Willie Snead vs. Devin Duvernay: The battle at Ravens slot WR

Is there room for both Willie Snead and Devin Duvernay to flourish in the Ravens offense?

Devin Duvernay and Willie Snead could be battling for the same spot in the Baltimore Ravens offense. Duvernay is best suited to work out of the slot receiver position. That’s where Willie Snead also does his most accomplished work.

Snead is the trusted veteran receiver, Duvernay has to prove it. Duvernay has the more dynamic traits, yet Snead already has chemistry with Lamar Jackson. Snead is the incumbent starter. Duvernay is the coming onto the scene. While both of these players are obviously making the team, this is the competition to be eyeing once training camp starts.

The first thing you have to note is that Snead has been very solid for the Ravens. He had 62 receptions for 651 yards and a touchdown in 2018. The changing of quarterbacks and the offensive schemes didn’t do Snead many favors. Jackson used his tight ends even more than Joe Flacco did, the run game was the entree and Snead dropped to just 31 receptions. Snead’s level of play didn’t really drop. In fact, he averaged a little more per reception and had four more touchdowns.

Pro Football Focus gave an overall grade of 61.0 for Snead’s 2019 season. That’s not great and it’s not horrible either. It may be a little unfair of a grade considering how unique the Ravens were offensively and the fact that nobody seems to be complaining about his performance. The PFF grade does allow us to explore the idea that the Ravens could get more from another player.

Duvernay is more dynamic than Snead. It’s a fact. He’s faster, he’s more explosive and his ceiling is objectively higher than Sneads. While they have almost the same exact build, Duvernay is the more physical receiver. Duvernay also comes into the NFL with reliable hands. If the Ravens can get him the ball in the open field, he could theoretically become a key play-maker. That’s why it’s a position battle. Snead isn’t bad, he’s just not a player defensive coordinators are afraid of. Duvernay has the skills that could be problematic for opposing defenses.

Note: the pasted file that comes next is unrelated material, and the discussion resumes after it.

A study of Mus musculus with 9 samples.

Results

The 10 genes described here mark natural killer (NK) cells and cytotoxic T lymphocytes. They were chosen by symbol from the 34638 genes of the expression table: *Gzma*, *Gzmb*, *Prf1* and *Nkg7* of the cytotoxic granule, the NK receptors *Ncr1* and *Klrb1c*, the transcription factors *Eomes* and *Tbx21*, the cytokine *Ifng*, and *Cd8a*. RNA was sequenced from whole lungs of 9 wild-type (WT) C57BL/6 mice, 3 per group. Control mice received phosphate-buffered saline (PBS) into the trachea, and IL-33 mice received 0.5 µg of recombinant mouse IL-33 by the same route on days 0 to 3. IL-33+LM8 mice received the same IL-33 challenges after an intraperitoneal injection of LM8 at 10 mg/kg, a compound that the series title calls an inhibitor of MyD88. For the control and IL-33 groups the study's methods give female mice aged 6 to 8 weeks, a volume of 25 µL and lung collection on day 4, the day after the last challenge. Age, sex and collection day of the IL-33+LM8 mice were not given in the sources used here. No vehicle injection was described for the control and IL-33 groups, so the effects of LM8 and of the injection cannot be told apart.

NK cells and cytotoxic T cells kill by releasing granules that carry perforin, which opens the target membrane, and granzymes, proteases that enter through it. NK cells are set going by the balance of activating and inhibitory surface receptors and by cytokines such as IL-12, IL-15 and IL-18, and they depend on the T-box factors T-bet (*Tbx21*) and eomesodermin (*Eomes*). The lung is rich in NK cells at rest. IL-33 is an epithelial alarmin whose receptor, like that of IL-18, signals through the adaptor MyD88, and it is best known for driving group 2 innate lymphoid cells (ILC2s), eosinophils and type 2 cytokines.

On top of this occupying defensive backs with receivers, could free up some room for Jackson to run. The biggest problem last season was that teams loaded the box and clogged things up. Even when it worked (and the Ravens were good enough that it almost always did) it wasn’t like the Ravens had a numbers advantage in the box.

It’s not like there won’t be room for both Snead and Duvernay. They both can coexist, but the offense isn’t set up for them to be equal contributors. The Ravens are still going to use a lot of 11 personnel (1 back, 1 tight end, three receivers) 12 personnel (1 back, two tight ends, two receivers) and 21 personnel (two backs, one tight end, two receivers). Whoever is the primary slot receiver is going to be stealing snaps from the other.

The Bottom Line:

Snead and Duvernay are similar players. Duvernay is a younger and faster player. It’s very likely that Snead will beat out Duvernay early. As Duvernay becomes more comfortable at the NFL level, he should start to steal some snaps from Snead. Snead is serviceable while Duvernay has a chance to be more than that.